When you think of EDM right now, some of the first people to come to mind might be European DJs like Tiësto, David Guetta, Hardwell, and Armin van Buuren. DJs from all over continental Europe have played a major role in shaping many EDM subgenres, and remain a dominant force in the world of dance music today. How did European genres become so dominant in EDM? To find out, we need to go back to Germany in the late 1960s.
The Rise of the Synthesizer
In 1967, a German musician named Edgar Froese founded the group Tangerine Dream. Their groundbreaking second album, Alpha Centauri (1970) was a merging of space rock and electronic music that relied heavily on the sounds of keyboards and synthesizers. That same year in Düsseldorf, the band Kraftwerk was founded as an experimental rock band. By 1974, their sound had changed to embrace synthesizers and drum machines.
Kraftwerk’s albums Autobahn (1974), Trans-Europe Express (1977), and The Man-Machine (1978), as well as Tangerine Dream albums like Alpha Centauri (1970) and Phaedra (1974) became important influences for a number of early American house and techno pioneers, and laid the foundations for the rise of electronic music all over the world.
The rise of these European electronic music pioneers paralleled in some ways the rise of disco in the United States, but while disco would eventually take over the mainstream American dance scene, electronic music in Europe stayed decidedly experimental and avant-garde, despite the popularity of many of the pioneering bands in this genre.
Of course, that doesn’t mean disco had no impact at all in Europe. It was, after all, Italian producer Giorgio Moroder who helped Donna Summer record “I Feel Love,” the first electro-disco song to be released in the US.
By the late 1970s, as disco was on the decline in the US, the genre was experiencing a renaissance of sorts in Europe led by groups like ABBA and Boney M. Soon, American disco artists like Donna Summer and the Village People, experiencing resistance in the US, would make the move to Europe to capitalize on the popularity of the Euro disco scene.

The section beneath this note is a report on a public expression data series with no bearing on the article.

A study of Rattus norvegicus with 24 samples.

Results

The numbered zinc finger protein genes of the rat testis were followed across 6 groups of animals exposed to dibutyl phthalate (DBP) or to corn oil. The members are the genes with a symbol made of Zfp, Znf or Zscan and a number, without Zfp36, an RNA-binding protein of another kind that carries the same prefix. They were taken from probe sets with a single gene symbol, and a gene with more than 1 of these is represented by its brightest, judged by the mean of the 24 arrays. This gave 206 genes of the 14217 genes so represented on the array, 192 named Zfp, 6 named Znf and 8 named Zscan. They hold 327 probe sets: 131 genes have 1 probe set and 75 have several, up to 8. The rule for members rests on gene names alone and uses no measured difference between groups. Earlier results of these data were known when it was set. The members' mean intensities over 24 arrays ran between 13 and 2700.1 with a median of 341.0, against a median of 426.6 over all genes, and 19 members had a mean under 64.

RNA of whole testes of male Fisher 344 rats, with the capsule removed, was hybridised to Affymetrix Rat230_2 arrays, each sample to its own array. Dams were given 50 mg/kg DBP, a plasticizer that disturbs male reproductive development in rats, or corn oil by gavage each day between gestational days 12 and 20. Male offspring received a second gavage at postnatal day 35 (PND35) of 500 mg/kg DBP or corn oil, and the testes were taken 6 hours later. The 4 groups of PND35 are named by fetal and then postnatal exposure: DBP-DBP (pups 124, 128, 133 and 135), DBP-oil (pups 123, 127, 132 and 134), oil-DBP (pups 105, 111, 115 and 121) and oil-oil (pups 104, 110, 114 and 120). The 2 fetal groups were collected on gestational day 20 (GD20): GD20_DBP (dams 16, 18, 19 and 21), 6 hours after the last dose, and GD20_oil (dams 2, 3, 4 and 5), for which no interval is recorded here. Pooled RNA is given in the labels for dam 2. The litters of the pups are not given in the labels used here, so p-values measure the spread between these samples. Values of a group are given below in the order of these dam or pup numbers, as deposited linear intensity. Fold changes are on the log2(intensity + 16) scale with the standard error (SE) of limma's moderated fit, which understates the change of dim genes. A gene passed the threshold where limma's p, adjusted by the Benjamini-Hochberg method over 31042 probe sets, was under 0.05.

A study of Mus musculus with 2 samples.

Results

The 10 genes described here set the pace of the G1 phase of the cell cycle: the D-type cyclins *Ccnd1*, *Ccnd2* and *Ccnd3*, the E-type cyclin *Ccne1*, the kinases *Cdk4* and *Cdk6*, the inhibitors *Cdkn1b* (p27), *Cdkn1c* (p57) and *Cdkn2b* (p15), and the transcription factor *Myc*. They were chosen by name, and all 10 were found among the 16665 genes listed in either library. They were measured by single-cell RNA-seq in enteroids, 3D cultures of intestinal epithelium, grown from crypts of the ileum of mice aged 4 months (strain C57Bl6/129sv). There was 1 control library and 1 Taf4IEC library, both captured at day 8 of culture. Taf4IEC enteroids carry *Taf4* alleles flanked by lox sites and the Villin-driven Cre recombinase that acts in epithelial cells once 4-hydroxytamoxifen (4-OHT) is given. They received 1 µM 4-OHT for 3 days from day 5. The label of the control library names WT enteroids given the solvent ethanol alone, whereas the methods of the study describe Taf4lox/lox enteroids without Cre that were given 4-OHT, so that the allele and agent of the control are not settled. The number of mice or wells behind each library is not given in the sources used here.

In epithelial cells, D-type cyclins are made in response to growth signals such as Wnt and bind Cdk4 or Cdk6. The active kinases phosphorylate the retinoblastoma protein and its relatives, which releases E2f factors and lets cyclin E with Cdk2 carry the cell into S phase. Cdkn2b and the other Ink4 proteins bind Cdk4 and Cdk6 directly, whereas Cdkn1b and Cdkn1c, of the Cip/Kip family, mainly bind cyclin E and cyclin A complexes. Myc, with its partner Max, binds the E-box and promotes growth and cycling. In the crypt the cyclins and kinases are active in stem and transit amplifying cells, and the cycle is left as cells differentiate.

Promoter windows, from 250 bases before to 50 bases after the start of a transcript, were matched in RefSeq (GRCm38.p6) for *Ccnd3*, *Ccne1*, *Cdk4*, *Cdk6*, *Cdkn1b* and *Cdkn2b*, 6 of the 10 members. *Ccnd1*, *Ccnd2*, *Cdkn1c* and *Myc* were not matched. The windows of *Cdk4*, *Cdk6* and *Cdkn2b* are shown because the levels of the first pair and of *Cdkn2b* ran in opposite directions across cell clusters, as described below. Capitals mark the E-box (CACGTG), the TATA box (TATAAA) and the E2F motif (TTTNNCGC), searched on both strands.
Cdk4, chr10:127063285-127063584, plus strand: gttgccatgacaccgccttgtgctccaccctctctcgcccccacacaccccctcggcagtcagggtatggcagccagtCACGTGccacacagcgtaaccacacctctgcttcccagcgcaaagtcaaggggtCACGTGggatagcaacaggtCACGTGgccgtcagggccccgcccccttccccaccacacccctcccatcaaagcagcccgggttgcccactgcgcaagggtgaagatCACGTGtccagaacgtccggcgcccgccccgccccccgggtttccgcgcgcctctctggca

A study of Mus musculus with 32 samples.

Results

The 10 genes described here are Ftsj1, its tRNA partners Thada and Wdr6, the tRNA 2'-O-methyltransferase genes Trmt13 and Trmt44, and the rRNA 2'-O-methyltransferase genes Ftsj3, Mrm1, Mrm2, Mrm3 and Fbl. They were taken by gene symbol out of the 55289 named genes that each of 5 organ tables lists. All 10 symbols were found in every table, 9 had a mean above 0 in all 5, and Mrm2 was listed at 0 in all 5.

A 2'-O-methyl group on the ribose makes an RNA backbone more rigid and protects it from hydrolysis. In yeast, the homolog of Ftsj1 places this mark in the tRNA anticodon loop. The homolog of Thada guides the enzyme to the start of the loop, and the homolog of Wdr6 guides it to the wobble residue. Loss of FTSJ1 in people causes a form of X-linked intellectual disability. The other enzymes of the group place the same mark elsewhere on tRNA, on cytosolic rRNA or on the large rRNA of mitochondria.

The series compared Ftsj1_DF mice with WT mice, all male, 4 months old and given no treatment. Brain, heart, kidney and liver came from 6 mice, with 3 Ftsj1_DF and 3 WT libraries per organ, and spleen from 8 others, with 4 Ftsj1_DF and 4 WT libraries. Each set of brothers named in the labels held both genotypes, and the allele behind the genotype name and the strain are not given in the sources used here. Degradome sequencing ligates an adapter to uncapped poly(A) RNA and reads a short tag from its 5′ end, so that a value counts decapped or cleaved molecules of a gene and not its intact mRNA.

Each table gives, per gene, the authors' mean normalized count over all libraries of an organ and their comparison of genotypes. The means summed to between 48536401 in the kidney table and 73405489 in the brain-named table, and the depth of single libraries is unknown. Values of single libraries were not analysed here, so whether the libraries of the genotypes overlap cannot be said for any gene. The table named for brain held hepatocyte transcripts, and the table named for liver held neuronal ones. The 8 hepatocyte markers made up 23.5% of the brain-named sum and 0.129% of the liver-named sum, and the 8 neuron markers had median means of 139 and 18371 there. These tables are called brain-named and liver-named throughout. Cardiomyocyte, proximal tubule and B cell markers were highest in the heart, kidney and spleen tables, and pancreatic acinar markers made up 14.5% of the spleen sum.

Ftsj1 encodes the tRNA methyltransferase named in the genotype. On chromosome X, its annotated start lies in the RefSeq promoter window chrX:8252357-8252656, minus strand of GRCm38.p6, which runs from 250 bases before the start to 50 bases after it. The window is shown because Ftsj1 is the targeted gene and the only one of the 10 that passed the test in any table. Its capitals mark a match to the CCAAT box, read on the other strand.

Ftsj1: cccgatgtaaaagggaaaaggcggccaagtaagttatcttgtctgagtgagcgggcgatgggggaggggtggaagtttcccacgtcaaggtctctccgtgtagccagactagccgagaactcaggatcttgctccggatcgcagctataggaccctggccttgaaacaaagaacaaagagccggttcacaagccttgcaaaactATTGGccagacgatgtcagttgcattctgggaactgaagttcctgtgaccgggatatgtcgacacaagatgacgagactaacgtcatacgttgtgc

The disco craze would eventually die out in Europe as well, and by the 1980s and ‘90s, dance music fans in Europe were looking for new sounds to listen to. Enter artists like Klaus Schulze and Paul van Dyk and the development of Trance music, a highly melodic EDM subgenre based around relatively quick tempos (usually between 125 and 150BPM). Trance in its early days became known for its long build-ups and explosive climaxes, as well as the hypnotizing or “trance” like feel that the music provokes in its listeners.
Early trance music led to the development of a number of EDM subgenres we know today like acid trance, progressive trance, uplifting trance, and hard trance. By the early 2000s, Dutch DJs like Tiësto and Armin van Buuren had become dominant figures in this genre and helped bring European trance into the mainstream EDM culture.
Today, the European EDM scene continues to be dominated by trance music, and European DJs have also been at the forefront of other recent EDM subgenres like tropical house and future house. With the world as connected as it is now, only time will tell what developments in the world of EDM will arise from Europe in the years to come.